Another announcement yesterday coinciding with Auckland’s Anniversary Day highlighted just how much effort the Government is currently putting into winning votes in the city.

Last week it reversed itself and brought the inner city rail loop forward.

Yesterday Housing Minister Nick Smith announced the Government was joining legal proceedings over appeals lodged against the $1.2 billion redevelopment of the Three Kings quarry in Auckland.

“I am taking this unusual step of joining proceedings to support the Auckland Council and Fletcher Residential because of the size and significance of the project and to make a firm stand in favour of these sorts of plan changes that are needed to address Auckland’s growth and housing problems,” Dr Smith said.

The Government apparently decided to make the move on its own.

 Mr Smith refers to it being discussed at Cabinet on January 11 but according to industry sources it has caught the building and housing industry in Auckland a bit by surprise.

What that suggests is that the Government is determined to get on top of the big Auckland issues now.

The news that Auckland houses were the fifth least affordable  houses in the world has apparently worried some National MPs who have found Auckland housing prices  to be a prime conversation topic during the “barbecue” season.

With an increasing likelihood that the Reserve Bank may not raise rates for a while yet, and claims yesterday that the Auckland housing market was likely to soon “go bananas” as Chinese investment poured in, the Government obviously feels it needs to be seen to be doing something about supply.

“Auckland needs to move up and it needs to move out,” the Prime Minister said after his State of the Nation speech last Thursday.


“And that’s partly what’s required through the RMA reforms.

“We can’t expect the Council to that wholly through greenfield sites because to support greenfield sites takes a lot of infrastructure.”

The Government clearly sees the Three Kings quarry development as a showpiece example of how a brownfields site can be redeveloped.

“Three Kings has been one of the things that Government has been very supportive of,” Mr Key said.

Dr Smith said Community consultation on the redevelopment of the Three Kings quarry began in 2008 and involved over 70 public, community and local board meetings and hui.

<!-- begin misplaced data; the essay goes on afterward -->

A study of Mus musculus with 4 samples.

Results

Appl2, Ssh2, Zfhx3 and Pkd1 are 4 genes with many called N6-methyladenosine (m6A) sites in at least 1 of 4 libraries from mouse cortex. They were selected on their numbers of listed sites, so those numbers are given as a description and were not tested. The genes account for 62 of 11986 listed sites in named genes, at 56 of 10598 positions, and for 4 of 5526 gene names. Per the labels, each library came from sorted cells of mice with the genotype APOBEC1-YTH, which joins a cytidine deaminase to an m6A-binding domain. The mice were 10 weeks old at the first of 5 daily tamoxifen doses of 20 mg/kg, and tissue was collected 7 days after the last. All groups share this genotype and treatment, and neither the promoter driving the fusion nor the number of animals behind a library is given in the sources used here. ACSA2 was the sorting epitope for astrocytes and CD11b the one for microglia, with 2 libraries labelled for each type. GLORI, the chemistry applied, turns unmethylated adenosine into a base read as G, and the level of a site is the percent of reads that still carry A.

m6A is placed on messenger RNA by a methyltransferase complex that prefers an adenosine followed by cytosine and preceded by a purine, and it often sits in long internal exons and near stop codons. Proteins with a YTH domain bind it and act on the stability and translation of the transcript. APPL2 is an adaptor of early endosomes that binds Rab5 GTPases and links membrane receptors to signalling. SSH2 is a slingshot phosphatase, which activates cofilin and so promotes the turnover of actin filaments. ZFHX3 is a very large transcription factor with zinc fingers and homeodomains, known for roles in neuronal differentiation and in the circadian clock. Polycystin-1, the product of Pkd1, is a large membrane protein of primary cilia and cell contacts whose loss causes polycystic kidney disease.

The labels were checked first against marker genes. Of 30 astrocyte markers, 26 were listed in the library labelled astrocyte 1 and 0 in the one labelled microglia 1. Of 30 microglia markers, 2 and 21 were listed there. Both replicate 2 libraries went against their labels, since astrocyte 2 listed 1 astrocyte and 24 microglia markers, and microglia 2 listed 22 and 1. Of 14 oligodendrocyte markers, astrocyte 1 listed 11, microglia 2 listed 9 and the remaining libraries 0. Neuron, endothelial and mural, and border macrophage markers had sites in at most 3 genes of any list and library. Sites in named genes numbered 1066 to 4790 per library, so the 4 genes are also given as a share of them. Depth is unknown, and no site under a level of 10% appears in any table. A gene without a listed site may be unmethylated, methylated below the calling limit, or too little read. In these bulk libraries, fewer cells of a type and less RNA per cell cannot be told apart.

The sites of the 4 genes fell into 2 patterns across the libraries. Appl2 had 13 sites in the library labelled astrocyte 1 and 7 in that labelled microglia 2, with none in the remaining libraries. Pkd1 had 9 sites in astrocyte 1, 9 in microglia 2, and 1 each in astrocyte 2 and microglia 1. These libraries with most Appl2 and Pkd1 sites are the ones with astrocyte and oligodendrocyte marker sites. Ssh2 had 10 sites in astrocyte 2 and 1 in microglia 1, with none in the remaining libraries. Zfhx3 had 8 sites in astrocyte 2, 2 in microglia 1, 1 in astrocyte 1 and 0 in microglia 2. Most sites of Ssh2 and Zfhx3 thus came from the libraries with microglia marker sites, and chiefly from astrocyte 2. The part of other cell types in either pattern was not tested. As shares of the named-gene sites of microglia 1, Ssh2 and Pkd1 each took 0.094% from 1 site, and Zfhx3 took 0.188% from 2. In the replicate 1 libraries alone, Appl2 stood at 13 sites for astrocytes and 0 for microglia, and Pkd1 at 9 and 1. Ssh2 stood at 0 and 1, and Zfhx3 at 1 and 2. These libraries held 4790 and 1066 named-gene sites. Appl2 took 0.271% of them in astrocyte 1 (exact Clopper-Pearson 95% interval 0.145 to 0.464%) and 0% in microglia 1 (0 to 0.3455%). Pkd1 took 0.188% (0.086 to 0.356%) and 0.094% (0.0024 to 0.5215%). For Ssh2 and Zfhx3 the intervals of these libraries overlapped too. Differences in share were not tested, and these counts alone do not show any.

The plan change application was lodged in September 2014, with 237 submissions – of which two-thirds were in support.

Hearings were held before four independent commissioners appointed by Auckland Council in May and approval was granted for the plan change and development on 2 November. 

The commissioners concluded it would provide the opportunity for a “quality built environment.”

 

The Environment Court appeals lodged on 11 January 2016 by the South Epsom Planning Group Incorporated and Three Kings United Group Incorporated seek to overturn approval of the development and require the site to be restored to pre-quarry levels, with only low-rise housing allowed.

“The practical impact of these appeals in that they would reduce the number of new homes by 1000, make them much more expensive and significantly delay the project.

“The most likely outcome if the appeal is successful is that this disused quarry will remain vacant for another decade while Auckland families struggle to find suitable homes to buy or rent,” Dr Smith said.

The two groups who oppose the development have a long record of involvement in planning decisions in the area dating back to the time when the quarry was a going concern.

In effect the Government is looking for a showdown with exactly these sort of groups so it can demonstrate that it serious about building houses in Auckland as one way of dealing with housing affordability.